Taylor Dobbs
VPR File
Public Service Board members Margaret Cheney, left, and Sarah Hofman, right, conferred with staff at a board hearing in 2015.

Vermont's utility regulators are holding a hearing next month in one of the final legal challenges to the Vermont Gas Systems pipeline project, and the public isn’t allowed to attend.

The hearing is for legal arguments on whether the regulators should allow the company to build its pipeline through Geprags Park, a public park in Hinesburg. Geprags is the final major challenge standing in the way of the pipeline’s completion, and CEO Don Rendall said this week that the pipeline may not finish this year if Vermont Gas can’t get rights to build in the park.

The Public Service Board announced this week that those legal arguments won’t take place in front of the public. The board took the rare step of barring members of the public from attending because of disruptions by protestors at other proceedings related to the pipeline.

Related: Public Service Board Not Subject To Open Meeting Law, Officials Say

Lisa Barrett, a retired legal aid lawyer from Huntington, says she's against the pipeline, but she's interested in the August hearing for other reasons too.

“I do walk my dogs regularly in Geprags Park, and I actually walk over on the end of the park where they're planning to put the pipeline,” she says.

Barrett says that as she started looking into the pipeline, she heard questions about the integrity of the Public Service Board, which is supposed to regulate Vermont Gas and other utilities.

“I have been told that the Public Service Board seems to be in the pocket of Vermont Gas,” Barrett said, "and I want to see for myself. I haven't been to one of these hearings.”

But according to an order from the Public Service Board this week, Barrett can't see for herself.

The board says that because there have been so many disruptions in recent proceedings, caused by protestors speaking out against the pipeline, there was no choice but to close the public out of the hearing.

The board order says that if the hearing wasn’t closed, the board would be jeopardizing the due process rights of the people who are involved in the case.

According to the board order, the public's access to the meeting consists of calling a toll-free number and listening to the hearing.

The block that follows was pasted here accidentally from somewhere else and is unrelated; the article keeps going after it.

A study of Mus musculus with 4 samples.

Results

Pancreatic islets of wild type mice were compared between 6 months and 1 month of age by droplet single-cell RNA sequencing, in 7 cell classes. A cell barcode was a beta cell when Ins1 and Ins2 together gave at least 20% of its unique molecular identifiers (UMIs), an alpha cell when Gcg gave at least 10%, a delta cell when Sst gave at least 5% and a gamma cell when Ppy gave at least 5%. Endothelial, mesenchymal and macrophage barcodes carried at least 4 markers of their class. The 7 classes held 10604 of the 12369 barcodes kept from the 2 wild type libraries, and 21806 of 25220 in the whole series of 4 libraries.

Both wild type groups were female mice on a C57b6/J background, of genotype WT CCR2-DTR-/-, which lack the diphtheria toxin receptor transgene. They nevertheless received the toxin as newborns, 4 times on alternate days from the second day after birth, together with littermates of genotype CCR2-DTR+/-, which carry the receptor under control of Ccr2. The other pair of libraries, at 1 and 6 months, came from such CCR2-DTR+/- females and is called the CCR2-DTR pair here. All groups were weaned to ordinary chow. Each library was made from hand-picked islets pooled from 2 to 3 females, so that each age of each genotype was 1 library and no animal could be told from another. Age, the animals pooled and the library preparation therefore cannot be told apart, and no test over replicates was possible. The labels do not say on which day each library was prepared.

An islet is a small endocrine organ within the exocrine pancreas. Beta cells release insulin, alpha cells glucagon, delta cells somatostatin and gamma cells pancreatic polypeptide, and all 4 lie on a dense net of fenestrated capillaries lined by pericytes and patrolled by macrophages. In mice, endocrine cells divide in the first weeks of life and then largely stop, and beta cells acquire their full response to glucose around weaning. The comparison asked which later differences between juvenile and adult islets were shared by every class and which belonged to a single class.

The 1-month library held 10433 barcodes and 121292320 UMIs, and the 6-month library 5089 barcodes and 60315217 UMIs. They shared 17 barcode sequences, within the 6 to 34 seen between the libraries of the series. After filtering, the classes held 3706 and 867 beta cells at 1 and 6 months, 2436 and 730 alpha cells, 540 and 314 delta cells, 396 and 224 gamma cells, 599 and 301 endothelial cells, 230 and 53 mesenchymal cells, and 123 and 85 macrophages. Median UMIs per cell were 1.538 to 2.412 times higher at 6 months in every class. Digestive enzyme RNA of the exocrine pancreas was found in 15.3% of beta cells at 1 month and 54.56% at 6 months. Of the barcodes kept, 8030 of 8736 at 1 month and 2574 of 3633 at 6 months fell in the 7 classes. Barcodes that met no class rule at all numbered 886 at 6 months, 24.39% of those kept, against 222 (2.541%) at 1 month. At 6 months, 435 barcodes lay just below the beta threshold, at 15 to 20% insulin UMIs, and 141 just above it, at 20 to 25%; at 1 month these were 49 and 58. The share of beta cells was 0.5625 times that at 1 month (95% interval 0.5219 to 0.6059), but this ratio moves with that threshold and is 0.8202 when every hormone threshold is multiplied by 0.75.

Lisa Barrett doesn't buy into that logic.

"There's not legitimate reason to exclude the public. This is the public service board." — Lisa Barrett, Huntington, Vt.

“There's not legitimate reason to exclude the public,” she says. “This is the public service board.”

The decision to ban all public access was surprising to Barrett and other people closely following the case, since no one involved had even suggested that as a possibility.

When the board asked everyone involved with the case what to do about the disruptions, even Vermont Gas and the Department of Public Service – the targets of the criticisms leveled by protestors – wanted to keep the hearings open.

Chris Recchia, the commissioner of the Department of Public Service, says he can't remember a time when the board blocked public access to hearings.

“We very much feel like the public should be able to continue to be present at these hearings, so we're disappointed at the need to do this,” Recchia says

But he says the board's order showed that officials contacted law enforcement to ask for help and sought other venues for the hearing and ultimately reached a conclusion that there's no other way to make the hearing go smoothly.

No privately owned venues wanted to host the hearing because of fears about protestors, the board's order said, so they had no choice but to close the hearing and offer up a call-in number for the public.

Still, Barrett doesn't think that's enough public access.

“For the same reason that the board isn't holding the hearing by phone," Barrett says. "The board wants to be able to assess the testimony by seeing facial expressions, seeing body language. We the public should be able to do the same thing.”

Instead, the hearing site in Berlin will be closed to the public and guarded by law enforcement. Those attending are required to bring photo IDs and submit the license plate numbers of the vehicles they plan to arrive in before the hearings.

Barrett says she's hoping the board will reverse its order and allow public attendance.

If it doesn't, the Public Service Board will decide if Vermont Gas can build through a public park based on legal arguments made outside of public view.

Clarification 9:58 a.m. This post was edited to reflect that the board order blocks public access to a single hearing, not multiple hearings.